Thoughts about sustainability have been among the subjects at the top of the agenda in boardrooms across the world over the past couple of years. These came to the forefront as we entered the new decade, but the arrival of COVID-19 has meant that survival has understandably become the number one priority for businesses. While COVID continues to remain a threat – that will not change – but its unprecedented impact on 2020 has perhaps helped open eyes to the environmental challenge we still face, especially with regard travel and transport.
The coronavirus pandemic has seen parts of the world quickly shut down, industrial activity cease, flights grounded and populations urged to stay indoors. This has given us a clear insight into how behaviours have been influencing the environment in which we live as greenhouse gas emissions and air pollution levels around the world dramatically decreased.
Before the pandemic the topic that everyone was talking about was sustainability and how the travel industry can and must play its part in helping to slow climate change and readdress the balance. Airlines, airports, aircraft manufacturers and hotels all had the issue front and centre of their agenda with a number of different initiatives taking place.
Latest research now highlights that we are now more understanding to how our own actions impact the environment. The second year of the YouGov-Cambridge Globalism Project, a tracking study of international attitudes across 25 of the world’s largest countries, produced by YouGov in partnership with researchers from the Guardian, Cambridge University and the Tony Blair Institute for Global Change shows that by a ratio of more than three to one, the respondents agreed humankind was mainly or partly to blame for the climate emergency.
The research has a major focus on how the pandemic is impacting attitudes to global society, and the role of technology in transforming government for the 21st Century. It is captured from approximately 26,000 people across 25 countries, who were polled in Jul-2020 and Aug-2020.
This widespread acknowledgement of the science “is likely to strengthen calls for more ambitious international efforts to reduce industrial and agricultural emissions of carbon dioxide and other greenhouse gases that are intensifying global heating and extreme weather events, such as storms, floods and droughts,” acknowledges the Guardian newspaper, which helped design the survey questioning.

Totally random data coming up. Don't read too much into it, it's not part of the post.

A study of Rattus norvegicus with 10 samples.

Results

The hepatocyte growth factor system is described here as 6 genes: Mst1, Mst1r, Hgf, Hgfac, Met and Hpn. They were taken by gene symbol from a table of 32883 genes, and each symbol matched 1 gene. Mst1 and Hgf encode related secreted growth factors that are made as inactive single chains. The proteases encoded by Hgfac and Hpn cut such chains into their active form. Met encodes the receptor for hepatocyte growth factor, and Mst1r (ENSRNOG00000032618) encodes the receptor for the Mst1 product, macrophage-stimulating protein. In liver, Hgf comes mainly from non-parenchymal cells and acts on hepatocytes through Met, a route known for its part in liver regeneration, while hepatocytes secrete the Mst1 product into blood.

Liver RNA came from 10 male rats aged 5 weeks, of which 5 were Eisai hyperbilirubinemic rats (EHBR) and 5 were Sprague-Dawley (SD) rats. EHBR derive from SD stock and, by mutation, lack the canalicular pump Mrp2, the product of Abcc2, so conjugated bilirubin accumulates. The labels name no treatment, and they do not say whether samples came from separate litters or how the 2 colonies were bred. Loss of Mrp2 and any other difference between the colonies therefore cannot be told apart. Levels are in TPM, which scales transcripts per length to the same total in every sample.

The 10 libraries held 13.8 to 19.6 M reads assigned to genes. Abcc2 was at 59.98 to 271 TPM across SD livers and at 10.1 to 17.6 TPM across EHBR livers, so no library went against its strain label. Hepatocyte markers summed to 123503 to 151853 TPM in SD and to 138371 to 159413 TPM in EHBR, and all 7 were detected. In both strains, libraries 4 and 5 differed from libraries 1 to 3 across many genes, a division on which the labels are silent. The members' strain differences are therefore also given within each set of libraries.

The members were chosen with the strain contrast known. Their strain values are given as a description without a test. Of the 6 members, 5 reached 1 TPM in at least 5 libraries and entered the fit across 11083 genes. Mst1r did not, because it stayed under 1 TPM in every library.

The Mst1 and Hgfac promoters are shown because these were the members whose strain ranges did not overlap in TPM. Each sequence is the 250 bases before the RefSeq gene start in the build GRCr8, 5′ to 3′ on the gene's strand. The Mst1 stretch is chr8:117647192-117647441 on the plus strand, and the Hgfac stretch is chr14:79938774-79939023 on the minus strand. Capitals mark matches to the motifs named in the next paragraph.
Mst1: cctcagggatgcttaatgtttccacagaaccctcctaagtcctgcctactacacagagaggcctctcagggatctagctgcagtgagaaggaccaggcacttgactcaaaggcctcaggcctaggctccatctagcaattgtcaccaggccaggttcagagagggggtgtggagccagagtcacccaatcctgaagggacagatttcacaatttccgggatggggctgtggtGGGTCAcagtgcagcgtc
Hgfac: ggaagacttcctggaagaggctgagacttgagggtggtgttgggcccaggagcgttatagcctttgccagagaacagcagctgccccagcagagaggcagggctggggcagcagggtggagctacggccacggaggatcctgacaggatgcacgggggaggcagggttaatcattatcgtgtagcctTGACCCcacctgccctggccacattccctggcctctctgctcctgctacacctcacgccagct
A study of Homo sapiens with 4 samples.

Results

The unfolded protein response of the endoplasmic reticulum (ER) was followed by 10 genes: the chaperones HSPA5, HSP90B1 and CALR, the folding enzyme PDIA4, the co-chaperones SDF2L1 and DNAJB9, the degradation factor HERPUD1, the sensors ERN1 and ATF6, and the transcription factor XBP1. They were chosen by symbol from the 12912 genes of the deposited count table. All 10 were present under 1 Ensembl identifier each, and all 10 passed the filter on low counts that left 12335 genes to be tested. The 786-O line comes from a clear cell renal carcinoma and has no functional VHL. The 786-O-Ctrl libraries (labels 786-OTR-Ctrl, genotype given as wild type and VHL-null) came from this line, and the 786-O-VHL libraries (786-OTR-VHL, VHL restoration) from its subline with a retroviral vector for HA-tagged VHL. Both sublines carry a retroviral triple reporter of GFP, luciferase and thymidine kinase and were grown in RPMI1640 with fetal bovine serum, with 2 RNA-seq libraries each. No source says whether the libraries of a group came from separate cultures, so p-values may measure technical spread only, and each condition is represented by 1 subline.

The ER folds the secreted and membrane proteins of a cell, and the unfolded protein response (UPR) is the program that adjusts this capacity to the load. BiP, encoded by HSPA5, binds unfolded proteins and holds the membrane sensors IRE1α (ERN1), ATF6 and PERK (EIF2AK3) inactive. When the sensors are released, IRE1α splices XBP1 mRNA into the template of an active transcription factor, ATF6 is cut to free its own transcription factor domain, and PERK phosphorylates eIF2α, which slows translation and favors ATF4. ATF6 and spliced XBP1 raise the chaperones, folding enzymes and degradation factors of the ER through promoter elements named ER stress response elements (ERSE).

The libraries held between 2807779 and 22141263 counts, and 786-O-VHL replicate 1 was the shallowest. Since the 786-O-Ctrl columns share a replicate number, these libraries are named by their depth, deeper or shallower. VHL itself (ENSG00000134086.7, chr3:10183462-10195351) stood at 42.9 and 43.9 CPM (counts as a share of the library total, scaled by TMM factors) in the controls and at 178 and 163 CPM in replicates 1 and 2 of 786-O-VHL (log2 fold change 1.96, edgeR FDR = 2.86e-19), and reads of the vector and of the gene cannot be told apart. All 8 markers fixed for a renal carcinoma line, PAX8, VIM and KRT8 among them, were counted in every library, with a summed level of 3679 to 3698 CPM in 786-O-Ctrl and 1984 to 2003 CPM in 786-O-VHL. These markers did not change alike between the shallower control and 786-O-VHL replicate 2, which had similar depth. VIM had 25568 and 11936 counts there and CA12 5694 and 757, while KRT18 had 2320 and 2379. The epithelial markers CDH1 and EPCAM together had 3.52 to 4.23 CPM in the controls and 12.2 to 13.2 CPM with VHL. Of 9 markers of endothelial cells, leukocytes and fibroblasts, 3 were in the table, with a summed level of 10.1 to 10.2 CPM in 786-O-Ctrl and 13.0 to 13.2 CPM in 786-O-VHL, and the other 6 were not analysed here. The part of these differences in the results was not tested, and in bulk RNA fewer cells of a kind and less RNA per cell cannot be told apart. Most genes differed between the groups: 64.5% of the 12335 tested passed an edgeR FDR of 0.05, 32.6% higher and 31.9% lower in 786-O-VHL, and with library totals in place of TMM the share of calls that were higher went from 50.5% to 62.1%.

Among the countries with the strongest support for this scientifically proven view were the UK (86%), China (87%), Japan (85%), Brazil (88%) and Spain (87%). The weakest were all oil states, though even in these countries – which rely heavily on fossil fuel sales – a substantial majority recognised humanity’s role in climate disruption. Saudi Arabia was bottom with 57%, then Egypt with 67% and the US with 69%.
When it comes to behavioural change, there is far greater variations from country to country. Climate campaigners have called for a reduction in air travel, a big source of emissions, as the reduction in travel this year has highlighted. The report indicates that in several countries, the number of people who now plan to use planes less is higher than the number who said they would use them more, albeit coronavirus impacts such as travel fear may have influenced the results.
The Guardian’s analysis of the results shows this trend was most marked in the UK (30% fly less versus 15% more), Italy (34% less versus 18% more), Germany (31% less versus 17% more) and India (42% less versus 21% more). However, in many other countries, the reverse was true, particularly Brazil (22% fly less versus 41% more) and Nigeria (20% less versus 50% more). In the US, China, France and Japan, there was little difference between the two.
But COVID-19 could leave a negative environmental legacy. A trend to road travel influenced by difficulties of adequate social spacing on public transport, could see more traffic, more congestion and more emissions. The Guardian analysis shows a widespread intention to drive more after the pandemic than before. This trend was apparent in all 26 countries in the survey and most pronounced in Brazil, where 62% said they would use their car more than before the pandemic, while only 12% said less, and South Africa 60% more and 12%. In the US and Australia, more than 40% expected to drive more than before, compared with 10% less.
Furthermore, this study provides in-depth consideration to how the interconnectedness of modern life has played a role in help to spread coronavirus and shows a striking level of stability in public commitment to globalism.
The rise of modern populism has been accompanied by a proliferation of sweeping theories on the public state of globalisation, which often reduce it to notions of a fundamental clash between progressive defenders of an open world versus illiberal advocates of a closed one. This kind of generalisation is challenged by the findings for the study, which shows attitudes to global engagement are typically nuanced across the political spectrum, rather than polarised.